The body clock
Our body’s 24-hour sleep/wake cycle happens like clockwork: we wake in the morning, go to bed in the evening, and our levels of peak alertness and sleepiness tend to fluctuate at similar times every day.
But what is it that’s driving this powerful inner clock? Scientists call it our circadian rhythm or ‘body clock’, which is essentially the natural cycle of physical, mental and behavioural changes that the body goes through in a 24-hour cycle.
What is a circadian rhythm?
are found in most living things , from tiny microbes, fungi and algae to insects, plants, animals and humans.
In humans, circadian rhythms influence the sleep-wake cycle. They also affect other physiological processes such as nervous system activity, hormone production, blood pressure, appetite, digestion
and body temperature. Even our mood and cognitive ability is influenced by it.
Disruption of these rhythms has been linked to poor health outcomes. So, it makes sense that understanding and living in harmony with our body clock is important for health and wellbeing.
Our body’s inner time-keeping system is made up of a central ‘pacemaker’ or ‘master clock’ located in the brain, called the suprachiasmatic nucleus (SCN)
This distinct structure in the brain is comprised of about 20,000 nerve cells and is located in the hypothalamus. It sits just above our optic nerves, where it receives information about the amount of incoming light.
A time-keeping powerhouse, the SCN coordinates the numerous biological clocks or specific molecules found in nearly every tissue and organ of the body. This in turn produces and regulates our circadian rhythms.
All up, it’s a complex and finely tuned inner architecture, designed to align our biological functions with environmental patterns (primarily, light and darkness), so we can function at our best.
How do you find your circadian rhythm?
We all experience a similar drive to wake when it’s morning, and increasing drowsiness as the evening wears on, but there are individual variations in our circadian rhythms, known as chronotypes.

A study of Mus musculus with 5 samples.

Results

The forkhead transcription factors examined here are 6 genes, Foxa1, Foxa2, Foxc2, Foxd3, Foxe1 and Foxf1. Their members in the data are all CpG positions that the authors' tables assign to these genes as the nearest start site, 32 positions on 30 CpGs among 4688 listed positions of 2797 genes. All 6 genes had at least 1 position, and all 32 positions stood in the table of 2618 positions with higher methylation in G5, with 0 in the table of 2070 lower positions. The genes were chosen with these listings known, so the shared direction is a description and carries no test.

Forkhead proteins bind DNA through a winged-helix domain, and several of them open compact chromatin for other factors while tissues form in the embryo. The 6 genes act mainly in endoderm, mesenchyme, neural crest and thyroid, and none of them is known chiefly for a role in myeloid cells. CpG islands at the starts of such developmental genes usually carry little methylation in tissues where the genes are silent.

Early birds who have no trouble springing out of bed when the alarm goes off have an early chronotype. Night owls, who may be slow to start but perk up as the day goes on, have a late chronotype.
While you can’t change your biological predilection to a certain chronotype, you can work with it. For instance, scheduling challenging work tasks for when you naturally tend to be most productive, and your workout for when you feel most energised. Read ‘How to get more energy’ for plenty of great energy boosting tips
Tapping into better health
Given the far-reaching impact of our circadian rhythms on numerous physiological processes in the body, it follows that getting in step with these rhythms is supportive of good health.
One of the simplest ways to do this? Prioritising sleep, and good sleeping patterns
. Having a consistent sleep schedule, where you wake around the same time every morning and go to bed at the same time each night, even on weekends, helps keep your circadian rhythm in check.
Aiming for between seven to nine hours
shut-eye per night will also ensure you’re properly rested.
Practising good ‘sleep hygiene
’, for instance by having a soothing pre-bed routine and reserving your bedroom for sleep rather than work or entertainment, is also helpful.